Britta O’Boyle speaks to the Sieger Design brothers about the Happy D 2 range
The Sieger Design brothers Christian and Michael are impeccably dressed men. But then you’d expect nothing less given their 40 years of design experience. It spans from monuments to china plates, fashion to brassware and office buildings through to furniture. Most recently, they have finished updating the Happy D product range to bring Happy D 2, as well as the X-Large range for Duravit.
K & B News: What was the inspiration behind Happy D, as apparently it is not the letter D?
Christian Sieger (CS): [Laughs] No. My brother always said I hope not everyone thinks I was eating those noodle soups with the letters for children and I just pulled up the spoon and said ‘oh D, of course, a shape for a washbasin’.
Michael Sieger (MS): It was the idea to create a modern interpretation of the architype washstand. Six or seven years before, we designed the Tara faucet for Dornbracht, to create a modern interpretation of the star handle mixer. Since this was, and still is, a big success, we asked ourselves could we put the same concept on a washbasin. We looked at what is really the architype ceramic washbasin. [We wondered] how should these look nowadays so that was the approach for the first Happy D line.
K & B News: What is your favourite piece in the Happy D 2 collection?
CS: The freestanding washbasin with the metal structure underneath.
MS: For me it is difficult; I always say they are all my children. If you have children, everybody knows you love them all the same.
K & B News: Why did you keep the name Happy D and add the 2, rather than give it a new name?
MS: The first idea from Duravit was not to have it as Happy D New because I think they found with the Darling line caused some problems when people were ordering. It was not really clear if they meant the old one or the new one. Duravit decided on D2.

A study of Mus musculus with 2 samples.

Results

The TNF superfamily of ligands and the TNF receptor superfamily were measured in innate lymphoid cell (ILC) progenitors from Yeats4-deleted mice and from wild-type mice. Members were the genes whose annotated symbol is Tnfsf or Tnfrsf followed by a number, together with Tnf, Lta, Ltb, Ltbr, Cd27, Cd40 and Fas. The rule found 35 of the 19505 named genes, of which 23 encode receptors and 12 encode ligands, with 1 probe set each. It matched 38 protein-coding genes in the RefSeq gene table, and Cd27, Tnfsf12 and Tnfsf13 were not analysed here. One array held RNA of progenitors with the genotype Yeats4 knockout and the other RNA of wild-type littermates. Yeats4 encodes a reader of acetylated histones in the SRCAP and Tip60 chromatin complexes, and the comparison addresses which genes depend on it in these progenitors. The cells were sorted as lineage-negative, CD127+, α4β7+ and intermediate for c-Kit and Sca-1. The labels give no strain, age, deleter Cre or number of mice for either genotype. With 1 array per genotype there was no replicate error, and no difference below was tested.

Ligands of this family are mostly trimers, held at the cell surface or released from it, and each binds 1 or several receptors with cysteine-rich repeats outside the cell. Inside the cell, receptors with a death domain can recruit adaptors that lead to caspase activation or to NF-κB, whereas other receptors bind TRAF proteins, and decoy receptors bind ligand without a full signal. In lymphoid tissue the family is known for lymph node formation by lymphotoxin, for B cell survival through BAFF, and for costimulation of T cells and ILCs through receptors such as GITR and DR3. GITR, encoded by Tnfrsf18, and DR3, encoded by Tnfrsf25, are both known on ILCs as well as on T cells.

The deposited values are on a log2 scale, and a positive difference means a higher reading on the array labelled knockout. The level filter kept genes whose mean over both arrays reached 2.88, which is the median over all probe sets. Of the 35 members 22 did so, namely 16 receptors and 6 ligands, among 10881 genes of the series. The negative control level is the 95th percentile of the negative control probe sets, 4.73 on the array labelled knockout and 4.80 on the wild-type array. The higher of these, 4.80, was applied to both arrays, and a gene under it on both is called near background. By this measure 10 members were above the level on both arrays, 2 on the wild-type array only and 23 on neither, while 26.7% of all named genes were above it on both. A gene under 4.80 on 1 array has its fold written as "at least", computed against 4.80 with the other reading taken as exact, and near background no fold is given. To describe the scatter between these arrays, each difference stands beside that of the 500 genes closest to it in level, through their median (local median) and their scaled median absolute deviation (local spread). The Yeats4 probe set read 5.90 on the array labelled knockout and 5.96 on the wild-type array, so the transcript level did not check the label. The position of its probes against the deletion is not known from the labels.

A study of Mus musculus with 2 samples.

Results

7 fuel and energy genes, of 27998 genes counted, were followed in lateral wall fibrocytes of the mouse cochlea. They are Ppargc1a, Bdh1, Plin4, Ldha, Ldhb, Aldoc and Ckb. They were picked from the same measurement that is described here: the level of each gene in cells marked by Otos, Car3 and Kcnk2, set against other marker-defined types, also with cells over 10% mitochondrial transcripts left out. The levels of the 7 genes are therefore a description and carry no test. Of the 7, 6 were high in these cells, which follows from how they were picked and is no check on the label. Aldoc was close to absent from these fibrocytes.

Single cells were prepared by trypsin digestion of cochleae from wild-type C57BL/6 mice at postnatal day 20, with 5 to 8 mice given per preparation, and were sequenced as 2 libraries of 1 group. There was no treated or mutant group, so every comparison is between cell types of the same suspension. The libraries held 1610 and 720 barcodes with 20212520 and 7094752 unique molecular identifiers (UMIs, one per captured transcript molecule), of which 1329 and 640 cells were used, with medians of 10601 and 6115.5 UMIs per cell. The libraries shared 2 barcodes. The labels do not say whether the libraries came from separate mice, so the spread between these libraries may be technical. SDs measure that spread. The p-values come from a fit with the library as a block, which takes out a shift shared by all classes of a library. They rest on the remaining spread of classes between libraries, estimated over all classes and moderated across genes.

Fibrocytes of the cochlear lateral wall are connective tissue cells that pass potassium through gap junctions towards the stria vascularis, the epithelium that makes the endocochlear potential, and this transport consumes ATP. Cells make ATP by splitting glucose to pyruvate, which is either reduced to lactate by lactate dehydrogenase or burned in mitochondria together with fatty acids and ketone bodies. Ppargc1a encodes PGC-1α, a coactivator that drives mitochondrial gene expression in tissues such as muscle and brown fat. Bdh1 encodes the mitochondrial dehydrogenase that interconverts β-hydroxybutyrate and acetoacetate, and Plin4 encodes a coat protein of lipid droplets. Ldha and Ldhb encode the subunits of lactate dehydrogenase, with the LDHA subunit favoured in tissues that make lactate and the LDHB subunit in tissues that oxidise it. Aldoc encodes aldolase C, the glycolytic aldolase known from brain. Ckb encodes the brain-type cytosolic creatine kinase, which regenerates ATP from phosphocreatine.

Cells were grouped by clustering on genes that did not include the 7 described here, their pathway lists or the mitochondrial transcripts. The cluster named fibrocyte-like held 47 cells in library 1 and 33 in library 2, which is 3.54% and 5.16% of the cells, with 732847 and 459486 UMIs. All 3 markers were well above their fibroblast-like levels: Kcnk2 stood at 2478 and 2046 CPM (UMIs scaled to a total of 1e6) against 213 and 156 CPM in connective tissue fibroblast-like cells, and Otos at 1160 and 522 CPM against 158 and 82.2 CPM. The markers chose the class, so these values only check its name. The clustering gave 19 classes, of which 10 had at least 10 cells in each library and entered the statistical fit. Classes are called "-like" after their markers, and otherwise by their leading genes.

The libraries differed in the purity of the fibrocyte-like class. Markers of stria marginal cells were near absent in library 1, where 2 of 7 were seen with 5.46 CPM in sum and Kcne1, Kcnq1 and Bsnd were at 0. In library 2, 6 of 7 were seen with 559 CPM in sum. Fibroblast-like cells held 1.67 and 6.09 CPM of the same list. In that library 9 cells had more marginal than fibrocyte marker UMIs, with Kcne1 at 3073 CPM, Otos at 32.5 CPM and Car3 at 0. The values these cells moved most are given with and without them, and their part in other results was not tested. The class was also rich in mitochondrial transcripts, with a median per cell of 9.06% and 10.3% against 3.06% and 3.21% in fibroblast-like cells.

CS: It is helpful for people in the market to orientate and know where this line is positioned, so they have a clear understanding of how it looks and price positioning etc. There is nothing wrong with evolution. Revolution can be going beyond, and it can also destroy everything that you have built up over the years.
K & B News: Did you have any design restrictions?
MS: Unfortunately, we didn’t manage to have the same shape as the single ceramic basin, which also has the edges on the back. We tried to transfer this to the furniture. We did models and mock ups, but it was much too expensive. So finally we decided we had two different styles, the one with the edges and the one that goes straight to the wall.
K & B News: The Happy D 2 furniture comes in a new linen finish, where did this idea come from?
MS: It is very difficult to look for new surface materials, new colours, new wooden veneers because everybody, the designer and also the company, know that they will sell 80% in white.
CS: We keep trying to inspire people and give them a chance to see alternatives. But a lot of [consumers] still stay on the safe side and say ‘this is going to last forever’, or at least for the next 10-15 years. However at the same time, the more emotional we get about the bathroom and as more people start to interact and see it as a room to decorate, live in and spend more time in, they will also start thinking about different materials. It has the textile feeling, look and touch, but at the end of the day, it is absolutely waterproof for the surroundings. We have to take the consumer by the hand and lead them step-by-step into this direction to see the room a little bit differently.
K & B News: Where do you think the trend for furniture is coming from?
MS: We are strongly persuaded within the next 20 years, the bathroom will be furnished like every other room in the house and not use so many [hard] materials. You want the bathroom to become more cosy, use more warm materials. So, [it will have] more furniture and more a feminine look, not so cool, clean and shiny.
CS: We have 60% women in the team having a different look at the [bathroom design]. There is a different respect with men and women and luckily more and more designers are working in this field. Patricia Urquiola is making her contribution to the bathroom with a different view [on design], which is also helping to inspire.
K & B News: What do you think will be future trends?
CS: We try to give people the chance or the inspiration that they should enjoy more time in the bathroom. We create beautiful designs together with the industry. But if people don’t spend more time in the room, they are not enjoying the beauty and functionality of these items. So we need to inspire architects and interior designers to tell the consumer ‘make your bedroom smaller, make your bathroom bigger’ because where do you actually spend your time awake?